Five Misconceptions about Overtime
Posted on behalf of Phillips Law Group on Sep 01, 2016 in Employee Rights
According to the Fair Labor Standards Act of 1938 (FLSA), specific employees who work more than 40 hours per week are entitled to overtime wages. While the law has been in place for almost 80 years, there is still some confusion regarding its protections.
The following are five common misconceptions that persist:
Comp time is an acceptable replacement for overtime - Some employers offer workers comp time, or additional time off, instead of cash that should be paid for overtime hours. According to the FLSA, there is only one acceptable instance that comp time instead of cash is acceptable - when no more than 40 hours have been worked in one week.
Professionals cannot receive overtime - Generally, if employees earn more than $455 per week or occupy positions that the FLSA deems as management, they will not qualify for overtime. However, employers sometimes misclassify workers to ensure workers are exempt from overtime due to a small exception. This form of misclassification is illegal.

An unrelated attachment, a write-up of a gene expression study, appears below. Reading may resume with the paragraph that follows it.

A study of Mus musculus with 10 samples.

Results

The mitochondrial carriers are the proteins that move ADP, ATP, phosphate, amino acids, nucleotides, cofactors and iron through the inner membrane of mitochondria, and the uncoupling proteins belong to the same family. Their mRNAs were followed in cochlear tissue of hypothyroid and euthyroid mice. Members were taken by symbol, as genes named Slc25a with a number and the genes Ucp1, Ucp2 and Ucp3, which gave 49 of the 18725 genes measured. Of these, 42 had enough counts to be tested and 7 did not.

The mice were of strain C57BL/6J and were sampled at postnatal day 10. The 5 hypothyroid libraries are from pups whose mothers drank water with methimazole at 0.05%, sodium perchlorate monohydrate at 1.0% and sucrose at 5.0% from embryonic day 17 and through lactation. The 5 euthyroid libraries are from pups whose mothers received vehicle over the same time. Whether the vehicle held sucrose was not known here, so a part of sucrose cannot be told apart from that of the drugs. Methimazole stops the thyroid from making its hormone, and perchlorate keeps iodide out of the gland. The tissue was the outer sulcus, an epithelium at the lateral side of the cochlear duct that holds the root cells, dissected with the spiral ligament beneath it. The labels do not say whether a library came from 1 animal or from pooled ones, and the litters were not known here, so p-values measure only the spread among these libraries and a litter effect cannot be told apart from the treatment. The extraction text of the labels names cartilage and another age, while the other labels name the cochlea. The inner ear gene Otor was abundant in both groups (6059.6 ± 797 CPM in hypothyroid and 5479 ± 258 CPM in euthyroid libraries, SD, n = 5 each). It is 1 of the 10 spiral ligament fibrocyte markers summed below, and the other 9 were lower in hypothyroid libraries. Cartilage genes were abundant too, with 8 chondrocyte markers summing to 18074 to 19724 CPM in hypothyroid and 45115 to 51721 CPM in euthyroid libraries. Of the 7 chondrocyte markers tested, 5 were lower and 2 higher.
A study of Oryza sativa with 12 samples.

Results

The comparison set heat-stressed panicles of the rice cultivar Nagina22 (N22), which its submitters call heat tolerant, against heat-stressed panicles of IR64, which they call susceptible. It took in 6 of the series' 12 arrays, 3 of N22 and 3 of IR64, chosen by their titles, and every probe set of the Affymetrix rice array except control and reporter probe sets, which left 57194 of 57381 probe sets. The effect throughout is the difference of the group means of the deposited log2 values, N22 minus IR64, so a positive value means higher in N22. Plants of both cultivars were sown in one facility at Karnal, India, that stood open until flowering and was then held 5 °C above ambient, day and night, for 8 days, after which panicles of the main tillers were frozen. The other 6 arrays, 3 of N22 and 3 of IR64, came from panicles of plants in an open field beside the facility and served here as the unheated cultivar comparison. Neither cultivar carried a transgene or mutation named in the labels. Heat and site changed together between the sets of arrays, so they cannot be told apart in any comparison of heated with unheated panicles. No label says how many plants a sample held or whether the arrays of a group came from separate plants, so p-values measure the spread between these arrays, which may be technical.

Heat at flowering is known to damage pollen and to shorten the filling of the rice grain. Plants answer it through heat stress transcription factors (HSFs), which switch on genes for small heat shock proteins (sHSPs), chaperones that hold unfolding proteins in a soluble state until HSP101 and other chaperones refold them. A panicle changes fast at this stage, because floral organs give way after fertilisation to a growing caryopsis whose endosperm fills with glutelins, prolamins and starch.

Salaried workers are exempt from overtime - Most salary employees do not qualify for overtime since they earn more than $455 per week. However, salaried workers who do not earn this much must receive overtime pay for hours worked in excess of 40 hours.
Averaging overtime over two weeks - Despite an employer’s pay cycle, overtime must be determined during the week it was worked.
Small tasks do not amount to overtime - The FLSA stipulates that any work performed must be compensated for, including hourly or salaried work. This includes breaks and down time on the job. For example, if you arrive to work early or leave late, you should be compensated if your employer is aware of it and allows you to do so.
If you believe you have been denied overtime based on a legal misconception, you could be entitled to lost income. Because you are protected from retaliation by the Fair Labor Standards Act, you do not have to worry about losing your job if you speak up.
Our experienced overtime attorneys are available to help you and will fight for your rights. Contact Phillips Dayes Law Firm PC to schedule a case evaluation and find out if you are entitled to file a lawsuit today.
Call or text 1-800-706-3000 right now to get started.